LSAT Logical Reasoning Question Types: A New Approach

Just about everyone loves to suggest completing LSAT Logical Reasoning questions by question stem type.

I also recommend this, of course. I even tell you to work through Logical Reasoning questions this way in my LSAT study schedules.

There are two major reasons LSAT prep folks often recommend this:

1. You have to understand what the question is asking in order to solve it. Drilling by question-stem type can help you solidify your understanding of what sort of information the question asks.

2. It's easy to categorize questions by their question stem. You can do this without taking the time to read the stimulus.

A New Approach to Logical Reasoning Questions
I have another Logical Reasoning categorization system in mind - one that categorizes each stimulus by its method of reasoning, rather than by its question stem.

It would take like 10 bajillion hours to actually categorize all the Logical Reasoning questions like this, so I'm not going to. Sorry, guys.

However, I will discuss how to think about Logical Reasoning questions by focusing on the method of reasoning and the gap between evidence and conclusion.

Rather than thinking about the question-stem, let's focus on the stimulus itself. This allows us to engage with each question on a deeper level and make connections across these (somewhat) artificially-imposed categories.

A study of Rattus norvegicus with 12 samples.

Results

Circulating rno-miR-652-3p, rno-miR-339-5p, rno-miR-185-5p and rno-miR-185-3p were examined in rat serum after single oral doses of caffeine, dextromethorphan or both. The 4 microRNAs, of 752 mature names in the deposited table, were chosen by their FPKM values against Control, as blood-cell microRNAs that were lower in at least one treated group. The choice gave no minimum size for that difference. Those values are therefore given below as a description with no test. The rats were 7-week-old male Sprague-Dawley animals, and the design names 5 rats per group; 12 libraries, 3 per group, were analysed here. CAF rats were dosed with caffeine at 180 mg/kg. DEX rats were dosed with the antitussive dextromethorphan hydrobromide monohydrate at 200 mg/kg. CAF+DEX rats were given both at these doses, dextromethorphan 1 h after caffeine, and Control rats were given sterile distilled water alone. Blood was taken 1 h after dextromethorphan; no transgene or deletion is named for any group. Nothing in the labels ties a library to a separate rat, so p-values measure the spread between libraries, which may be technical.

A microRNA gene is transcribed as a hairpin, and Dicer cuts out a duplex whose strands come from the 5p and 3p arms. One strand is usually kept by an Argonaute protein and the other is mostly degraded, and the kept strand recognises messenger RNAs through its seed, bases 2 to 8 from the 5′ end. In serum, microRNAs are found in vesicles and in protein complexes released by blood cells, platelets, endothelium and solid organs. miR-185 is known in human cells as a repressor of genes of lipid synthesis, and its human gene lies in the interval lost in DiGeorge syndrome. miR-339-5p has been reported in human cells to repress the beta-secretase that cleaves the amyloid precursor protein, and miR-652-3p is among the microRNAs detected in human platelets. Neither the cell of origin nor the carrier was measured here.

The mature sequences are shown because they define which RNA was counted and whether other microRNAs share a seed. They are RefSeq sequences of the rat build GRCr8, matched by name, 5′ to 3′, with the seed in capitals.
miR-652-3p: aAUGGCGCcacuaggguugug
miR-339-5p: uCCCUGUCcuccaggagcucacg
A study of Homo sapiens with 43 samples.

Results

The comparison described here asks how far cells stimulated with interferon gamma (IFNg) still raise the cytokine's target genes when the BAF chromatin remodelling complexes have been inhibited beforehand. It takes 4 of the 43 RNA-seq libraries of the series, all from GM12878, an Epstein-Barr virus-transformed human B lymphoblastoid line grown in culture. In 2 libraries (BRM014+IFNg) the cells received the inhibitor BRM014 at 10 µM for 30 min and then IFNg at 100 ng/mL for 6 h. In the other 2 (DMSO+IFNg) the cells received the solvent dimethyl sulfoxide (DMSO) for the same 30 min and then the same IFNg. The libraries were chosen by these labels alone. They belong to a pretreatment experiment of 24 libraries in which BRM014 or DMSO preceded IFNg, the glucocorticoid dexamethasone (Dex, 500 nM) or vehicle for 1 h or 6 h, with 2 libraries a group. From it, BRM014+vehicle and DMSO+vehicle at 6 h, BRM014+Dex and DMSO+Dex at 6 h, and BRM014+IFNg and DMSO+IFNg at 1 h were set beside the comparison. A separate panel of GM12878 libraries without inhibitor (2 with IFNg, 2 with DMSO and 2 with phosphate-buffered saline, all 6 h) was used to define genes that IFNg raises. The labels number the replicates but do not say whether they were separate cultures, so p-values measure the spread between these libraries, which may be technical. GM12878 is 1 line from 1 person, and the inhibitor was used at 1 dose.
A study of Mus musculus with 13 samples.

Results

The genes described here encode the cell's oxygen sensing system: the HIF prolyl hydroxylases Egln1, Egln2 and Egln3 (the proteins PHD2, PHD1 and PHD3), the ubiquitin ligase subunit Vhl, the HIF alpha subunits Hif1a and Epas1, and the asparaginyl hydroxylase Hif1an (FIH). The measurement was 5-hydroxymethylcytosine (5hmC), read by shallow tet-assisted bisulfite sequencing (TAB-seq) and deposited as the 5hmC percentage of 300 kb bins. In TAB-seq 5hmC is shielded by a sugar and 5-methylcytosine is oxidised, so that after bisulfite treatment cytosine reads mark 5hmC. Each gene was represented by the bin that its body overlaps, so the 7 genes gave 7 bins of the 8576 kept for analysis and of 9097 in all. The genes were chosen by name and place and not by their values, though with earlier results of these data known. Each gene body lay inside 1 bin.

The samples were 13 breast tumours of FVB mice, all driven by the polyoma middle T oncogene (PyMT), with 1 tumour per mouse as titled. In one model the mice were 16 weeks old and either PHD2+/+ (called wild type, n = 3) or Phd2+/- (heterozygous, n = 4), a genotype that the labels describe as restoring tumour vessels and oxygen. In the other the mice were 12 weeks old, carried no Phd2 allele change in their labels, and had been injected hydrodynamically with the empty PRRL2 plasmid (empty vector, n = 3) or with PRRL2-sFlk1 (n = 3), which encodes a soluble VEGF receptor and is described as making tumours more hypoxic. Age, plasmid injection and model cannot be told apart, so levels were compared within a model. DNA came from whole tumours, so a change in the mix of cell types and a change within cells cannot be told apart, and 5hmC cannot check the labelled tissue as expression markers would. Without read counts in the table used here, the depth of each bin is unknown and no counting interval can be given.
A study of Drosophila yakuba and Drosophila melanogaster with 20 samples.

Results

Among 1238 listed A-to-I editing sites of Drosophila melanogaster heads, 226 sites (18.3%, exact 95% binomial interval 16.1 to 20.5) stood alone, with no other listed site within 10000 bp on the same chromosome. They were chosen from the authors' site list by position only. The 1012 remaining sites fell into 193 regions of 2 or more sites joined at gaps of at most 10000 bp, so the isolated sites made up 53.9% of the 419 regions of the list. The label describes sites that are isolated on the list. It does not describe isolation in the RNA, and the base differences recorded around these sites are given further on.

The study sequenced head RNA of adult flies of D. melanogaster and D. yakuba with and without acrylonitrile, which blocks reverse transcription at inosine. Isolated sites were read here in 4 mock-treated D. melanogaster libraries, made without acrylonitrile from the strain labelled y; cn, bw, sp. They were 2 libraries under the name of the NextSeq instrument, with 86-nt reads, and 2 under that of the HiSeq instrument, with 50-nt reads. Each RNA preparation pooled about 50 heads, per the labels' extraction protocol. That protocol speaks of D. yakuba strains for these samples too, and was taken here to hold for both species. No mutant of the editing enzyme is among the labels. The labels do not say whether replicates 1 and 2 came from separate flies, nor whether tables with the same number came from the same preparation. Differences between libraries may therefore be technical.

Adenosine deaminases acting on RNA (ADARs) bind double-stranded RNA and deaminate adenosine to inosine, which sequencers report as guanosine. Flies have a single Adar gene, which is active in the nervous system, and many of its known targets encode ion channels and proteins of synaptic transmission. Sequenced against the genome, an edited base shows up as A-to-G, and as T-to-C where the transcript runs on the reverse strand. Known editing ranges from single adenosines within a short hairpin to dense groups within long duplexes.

By thinking about Logical Reasoning questions based upon the method of reasoning in the stimulus, you get a better understanding of the argument.

A Few Methods of Reasoning
For example, we could categorize many LR questions by the flaws or gaps exhibited in their stimuli.

Here are just a few:

Necessary/Sufficient Condition Confusion
Correlation/Causation Issues
Confusing a "Could" for a "Must"
Taking "absence of evidence" as "evidence of absence (of evidence)"

These sorts of issues don't just come up in flaw questions. They come up in several "types" of questions.

Altering Logical Reasoning Questions
To illustrate the fact that gaps are central to many types of questions, think about this:

Some stimuli can easily be transformed from one question-stem type into several others.

In other words, we can view the same stimulus and correct answer choice from a variety of perspectives.

By leaving the correct answer choice as is, by negating it, or by modifying it slightly, we can change the question stem and still have a perfectly valid LSAT question.

All we have to do is change the perspective from which we view it.

For example, we can easily transform Necessary Assumption questions into the following types of questions:

Must Be True, Cannot Be True, Flaw, Strengthen, Weaken, Evaluate the Argument, and Resolve the Paradox / Discrepancy

Read on to see me transform one real LSAT Necessary Assumption question into all of those other types:

LSAT Necessary Assumption Question: The Rattlesnake Folktale


  1. Hi Steve, This isn't related to this post, but I'm in the middle of preparing for this year's Sept/Oct LSAT, and I'd really love to get your thoughts on how to get faster at LSAT logic games. Untimed, I can solve them all with 100% accuracy...but some of the games take me 45 minutes! Any help would be really, really appreciated.

  2. I am following the logical reasoning bible, I am damn confused when it comes to the assumption type of questions..
    what should my target LR score be, if I want to score a 175? (LR being the weakest subject)

  3. Steve,
    This is good stuff, I agree, this is a much easier way to find the matrix of the stimulus. In all your research have you come across or do you know what the most common forms (other than mentioned above) of reasoning structures?